Toyota presented a number of concepts study models last week to coincide with the roll-out of its electrification strategy.
If it feels like Toyota has been lagging behind on electric cars — perhaps while being distracted with developing and fielding a hydrogen fuel cell sedan in tiny numbers — you’re not the only one with this impression. But the Japanese automaker intends to do something about that.
Toyota now plans to have electrified vehicles — hybrids, plug-in hybrids and pure EVs — account for half of its global sales volume by 2025, moving up the target by five years from an earlier goal of 2030, Automotive News Europe reports. The impetus for such a drastic change in plans is the surge in the adoption of battery electric vehicles, Toyota R&D chief and executive vice president Shigeki Terashi said in an hour-long company presentation broadcast online.
It is estimated that the automaker plans to make approximately 5.5 million EVs, hybrids and plug-in hybrids annually by 2025, again according to Automotive News Europe, with battery-electric vehicles expected to account for just under one-fifth of that number.
Perhaps the biggest surprise of the presentation was Terashi’s announcement that the automaker hopes to unveil a solid-state battery ahead of the 2020 Summer Olympic Games in Tokyo.
The technology, viewed as the Holy Grail of battery tech, has been in development for ages by various manufacturers, but until recently there has not been a light at the end of the tunnel for achieving economically worthwhile performance on an industrial scale. Instead of a heavy half-liquid soup of acids and metals used by lithium-ion batteries present in most, if not all, electric vehicles, solid-state battery designs use lighter polymers to store and discharge electricity. Solid-state batteries promise much lighter and less expensive power storage that does not rely on rare-earth metals and environmentally unfriendly manufacturing processes. But until recently prototypes have not shown enough promise to be scaled up to use in cars. As a result, solid-state battery research has been a race to make solid-state batteries offer significantly higher performance over lithium-ion batteries, as well as a race to make their manufacture economical enough to be scaled up for use in cars.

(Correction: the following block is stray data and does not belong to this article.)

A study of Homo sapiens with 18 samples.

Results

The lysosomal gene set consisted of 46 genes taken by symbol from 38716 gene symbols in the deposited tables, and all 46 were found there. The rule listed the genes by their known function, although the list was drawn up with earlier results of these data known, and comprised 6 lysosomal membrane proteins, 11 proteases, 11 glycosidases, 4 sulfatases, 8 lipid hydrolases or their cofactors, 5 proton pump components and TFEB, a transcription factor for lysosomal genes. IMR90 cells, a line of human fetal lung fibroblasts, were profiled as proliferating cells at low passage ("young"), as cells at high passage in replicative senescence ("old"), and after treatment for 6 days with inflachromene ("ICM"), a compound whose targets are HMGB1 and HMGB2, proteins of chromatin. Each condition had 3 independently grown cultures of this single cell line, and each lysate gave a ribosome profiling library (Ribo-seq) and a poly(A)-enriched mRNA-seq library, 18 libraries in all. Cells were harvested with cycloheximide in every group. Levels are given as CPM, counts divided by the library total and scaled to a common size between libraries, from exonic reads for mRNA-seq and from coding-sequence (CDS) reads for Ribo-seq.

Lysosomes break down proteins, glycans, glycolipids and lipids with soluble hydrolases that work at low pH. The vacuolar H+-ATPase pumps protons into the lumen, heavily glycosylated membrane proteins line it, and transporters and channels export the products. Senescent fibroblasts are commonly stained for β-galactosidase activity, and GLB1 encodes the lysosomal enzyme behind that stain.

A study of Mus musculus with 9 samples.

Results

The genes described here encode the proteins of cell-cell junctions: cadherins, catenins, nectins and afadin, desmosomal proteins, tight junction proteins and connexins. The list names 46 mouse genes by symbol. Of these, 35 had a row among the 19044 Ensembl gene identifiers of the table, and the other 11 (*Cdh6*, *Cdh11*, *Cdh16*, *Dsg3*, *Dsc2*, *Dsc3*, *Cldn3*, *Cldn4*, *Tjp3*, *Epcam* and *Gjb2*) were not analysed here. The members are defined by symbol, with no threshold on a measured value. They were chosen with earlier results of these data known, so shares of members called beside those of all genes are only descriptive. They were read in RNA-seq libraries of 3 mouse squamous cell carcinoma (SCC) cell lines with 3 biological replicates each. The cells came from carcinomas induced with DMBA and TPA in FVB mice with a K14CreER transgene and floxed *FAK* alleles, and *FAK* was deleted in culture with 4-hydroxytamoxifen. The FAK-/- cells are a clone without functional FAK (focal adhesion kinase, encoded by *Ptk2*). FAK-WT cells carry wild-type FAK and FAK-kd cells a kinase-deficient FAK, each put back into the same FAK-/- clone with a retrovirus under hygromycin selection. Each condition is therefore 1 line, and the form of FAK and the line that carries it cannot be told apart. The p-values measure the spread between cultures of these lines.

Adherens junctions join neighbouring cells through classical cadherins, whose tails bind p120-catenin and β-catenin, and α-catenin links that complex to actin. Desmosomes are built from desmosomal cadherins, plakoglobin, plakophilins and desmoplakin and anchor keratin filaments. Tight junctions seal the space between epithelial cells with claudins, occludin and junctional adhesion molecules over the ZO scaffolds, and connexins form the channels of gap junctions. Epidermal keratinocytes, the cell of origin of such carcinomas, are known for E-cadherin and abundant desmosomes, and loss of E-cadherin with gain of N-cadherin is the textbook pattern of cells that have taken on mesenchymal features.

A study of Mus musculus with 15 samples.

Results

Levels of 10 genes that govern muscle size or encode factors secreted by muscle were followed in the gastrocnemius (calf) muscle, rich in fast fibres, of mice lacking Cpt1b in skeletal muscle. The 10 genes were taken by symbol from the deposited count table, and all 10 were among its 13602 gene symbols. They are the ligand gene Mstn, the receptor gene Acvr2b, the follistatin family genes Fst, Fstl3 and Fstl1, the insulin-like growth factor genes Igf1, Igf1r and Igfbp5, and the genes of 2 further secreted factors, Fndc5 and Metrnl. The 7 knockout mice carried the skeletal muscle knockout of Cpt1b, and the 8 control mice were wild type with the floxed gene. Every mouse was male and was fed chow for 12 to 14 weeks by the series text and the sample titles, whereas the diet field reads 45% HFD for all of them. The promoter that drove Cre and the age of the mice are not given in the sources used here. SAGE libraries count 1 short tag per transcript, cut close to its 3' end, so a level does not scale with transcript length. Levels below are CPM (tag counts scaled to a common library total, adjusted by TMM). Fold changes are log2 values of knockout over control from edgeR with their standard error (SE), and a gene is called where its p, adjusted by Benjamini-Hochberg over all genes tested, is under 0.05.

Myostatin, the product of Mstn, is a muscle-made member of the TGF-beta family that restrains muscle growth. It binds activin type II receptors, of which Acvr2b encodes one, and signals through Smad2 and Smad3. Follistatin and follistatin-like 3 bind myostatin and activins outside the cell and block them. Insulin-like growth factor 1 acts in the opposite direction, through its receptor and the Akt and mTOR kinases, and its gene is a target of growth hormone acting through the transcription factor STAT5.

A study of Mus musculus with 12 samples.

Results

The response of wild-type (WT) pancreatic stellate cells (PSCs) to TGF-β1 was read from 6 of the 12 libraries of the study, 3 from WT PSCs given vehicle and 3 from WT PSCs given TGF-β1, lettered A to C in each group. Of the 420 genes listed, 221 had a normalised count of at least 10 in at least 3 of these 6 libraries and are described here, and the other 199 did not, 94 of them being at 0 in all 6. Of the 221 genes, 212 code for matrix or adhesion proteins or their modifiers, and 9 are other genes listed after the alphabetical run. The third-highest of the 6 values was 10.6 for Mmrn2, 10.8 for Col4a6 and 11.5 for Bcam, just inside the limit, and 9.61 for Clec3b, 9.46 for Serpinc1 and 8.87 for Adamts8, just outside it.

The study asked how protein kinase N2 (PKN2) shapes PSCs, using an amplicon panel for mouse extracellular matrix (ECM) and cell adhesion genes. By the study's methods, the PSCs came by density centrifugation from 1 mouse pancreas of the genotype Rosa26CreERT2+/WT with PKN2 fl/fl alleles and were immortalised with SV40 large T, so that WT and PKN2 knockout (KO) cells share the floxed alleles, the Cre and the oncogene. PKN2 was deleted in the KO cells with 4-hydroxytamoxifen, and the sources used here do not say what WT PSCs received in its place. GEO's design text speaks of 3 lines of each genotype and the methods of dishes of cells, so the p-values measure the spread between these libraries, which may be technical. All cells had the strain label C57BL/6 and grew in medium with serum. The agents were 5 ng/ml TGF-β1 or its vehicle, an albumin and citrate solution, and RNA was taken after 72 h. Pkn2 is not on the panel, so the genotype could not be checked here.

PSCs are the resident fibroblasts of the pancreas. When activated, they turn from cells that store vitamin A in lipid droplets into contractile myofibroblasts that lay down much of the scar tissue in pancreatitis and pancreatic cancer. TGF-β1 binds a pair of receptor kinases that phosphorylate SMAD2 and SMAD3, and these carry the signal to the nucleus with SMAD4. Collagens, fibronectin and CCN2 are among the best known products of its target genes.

Toyota shared a number of EV concepts that it intends to put into production, including that of the iRide on the far right.
“If possible, by the time we have the Olympic Games next year, we would like to make sure that a solid-state battery can be unveiled to the public,” Terashi said, hedging the goal slightly.
Terashi’s comments last week were preceded by an announcement by Toyota and Subaru on collaborating on an electric crossover, as well as an electric platform for large and midsize vehicles. Both automakers plan to sell the crossover under their own respective brands, but the platform they plan to develop will underpin a greater variety of large EVs.
“To respond with a sense of speed to the diversifying needs of these markets and to multiple challenges, both Subaru and Toyota believe that it is necessary to pursue a business model that goes beyond convention, crossing over industrial boundaries together with various types of other entities that share their aspirations,” Toyota said in a statement. “As a first step in this direction, the two companies will jointly develop a BEV-dedicated platform. The platform will be developed in a way that will make it broadly applicable to multiple vehicle types, including C-segment-class and D-segment-class sedans and SUVs, as well as to efficient development of derivative vehicle models.”
Beyond plans for a large crossover to be developed with Subaru, Terashi laid out a surprisingly detailed list of the variety of electrified vehicles Toyota plans to produce. These aren’t just promises of far-off products — Toyota plans to field all of these models within a year or two and demonstrated a lineup of clay models previewing the vehicles.
For instance, next year Toyota will unveil a production ultra-compact two-seater for the domestic market, dubbed iRide. (Yes, just like Apple’s product naming convention.) The automaker also plans to produce a leaning i-Road three-wheeler, first previewed earlier this decade, and a battery-electric wheelchair is also in the works, aimed at the Japanese domestic market. The automaker also plans to offer an electric Lexus model in the U.S.
About the only item that has an uncertain future in the long term is Toyota’s existing hydrogen fuel-cell program: neither profit nor any sort of scale are in the cards, and it remains to be seen how much more effort Toyota will be willing to dedicate to the Mirai, initially offered only in certain parts of California.